Dmitry Medvedev was absolutely gleeful when he said yesterday that the global financial crisis signaled the end of the era of American economic leadership. “The times when one economy and one country dominated are gone for good,” the Russian president said.
Trust the Russians to get things backwards. History will eventually show that the great financial crisis of 2008 marked the end of the period of relative American economic decline and the start of a new era of dominance.
Why is there a perception that the United States is falling? In Thomas Friedman’s “flat world,” relentless globalization–started by Washington, by the way–is spreading wealth from nation to nation. And as this process continues, the world’s economic supremo is losing its primacy at an alarming rate. Last year, Americans comprised 4.6 percent of the world’s population and produced 25.4 percent of its gross domestic product. But if prosperity is eventually spread evenly, the United States will one day become an economic backwater with under five percent of global output.
But the world is not flat, and the last thing we should be doing is extrapolating, especially in the middle of a downturn that could be as severe as the Great Depression. Before recent events, just about all of us assumed we were living in “China’s century.” Beijing has an economy that is still booming, but it is, for various reasons, extraordinarily vulnerable. And in a severe downturn, which virtually every Chinese economist now expects, the shaky political system could falter. The result might be a China in chaos for years-and a United States on the rise.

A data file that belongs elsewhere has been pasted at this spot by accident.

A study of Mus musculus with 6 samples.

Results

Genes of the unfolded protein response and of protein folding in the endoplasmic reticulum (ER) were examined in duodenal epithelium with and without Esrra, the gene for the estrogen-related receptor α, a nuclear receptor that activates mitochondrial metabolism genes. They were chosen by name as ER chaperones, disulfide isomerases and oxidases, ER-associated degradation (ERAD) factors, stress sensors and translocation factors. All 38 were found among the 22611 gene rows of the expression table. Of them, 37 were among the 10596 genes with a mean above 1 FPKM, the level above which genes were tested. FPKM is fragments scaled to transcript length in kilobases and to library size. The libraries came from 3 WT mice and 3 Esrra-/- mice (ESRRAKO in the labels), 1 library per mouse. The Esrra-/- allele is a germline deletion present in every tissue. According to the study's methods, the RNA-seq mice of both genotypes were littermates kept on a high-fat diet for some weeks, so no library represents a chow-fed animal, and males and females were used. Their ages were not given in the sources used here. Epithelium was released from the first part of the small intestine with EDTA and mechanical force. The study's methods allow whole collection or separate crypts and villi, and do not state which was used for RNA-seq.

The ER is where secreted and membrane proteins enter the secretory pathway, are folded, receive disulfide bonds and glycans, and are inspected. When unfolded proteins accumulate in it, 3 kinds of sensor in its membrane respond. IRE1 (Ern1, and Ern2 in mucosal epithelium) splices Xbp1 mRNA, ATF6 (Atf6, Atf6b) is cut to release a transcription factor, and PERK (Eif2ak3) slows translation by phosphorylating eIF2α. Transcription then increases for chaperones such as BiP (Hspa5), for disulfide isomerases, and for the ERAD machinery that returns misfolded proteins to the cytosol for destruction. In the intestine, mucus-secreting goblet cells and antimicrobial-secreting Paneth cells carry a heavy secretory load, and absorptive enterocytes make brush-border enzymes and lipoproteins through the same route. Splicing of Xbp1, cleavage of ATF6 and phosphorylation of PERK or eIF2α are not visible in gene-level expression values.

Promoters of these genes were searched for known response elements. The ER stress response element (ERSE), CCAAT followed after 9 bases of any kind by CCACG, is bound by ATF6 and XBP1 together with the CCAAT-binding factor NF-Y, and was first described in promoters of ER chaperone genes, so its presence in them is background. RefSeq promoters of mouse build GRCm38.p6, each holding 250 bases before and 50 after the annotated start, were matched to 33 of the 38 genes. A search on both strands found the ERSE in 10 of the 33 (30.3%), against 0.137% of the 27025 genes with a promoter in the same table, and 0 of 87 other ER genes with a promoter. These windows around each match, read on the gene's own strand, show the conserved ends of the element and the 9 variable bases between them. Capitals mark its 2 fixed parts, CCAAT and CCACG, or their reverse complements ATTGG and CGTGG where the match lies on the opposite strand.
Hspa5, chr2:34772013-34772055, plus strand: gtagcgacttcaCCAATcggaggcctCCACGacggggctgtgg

Will America suffer financial hardship? Most definitely. But we are a country that has a unique ability to recover. Whatever happens in the next few years, our political system will remain the same. We cannot, however, be so sure that the governments of China and Russia will be as resilient. Our economy will contract, but other economies will contract faster and further. And ours will recover earlier and more vigorously.
In periods of turmoil, investors and speculators run for safe havens, and that remains the dollar. Just ask the now-gloating Medvedev. Since the second week of August, Russians have pulled $52 billion out of their country, with much of this ending up in U.S. Treasury obligations. If I were him, I would be more careful about predicting the decline of the only country that will be in a position to bailout his Russia in the years ahead.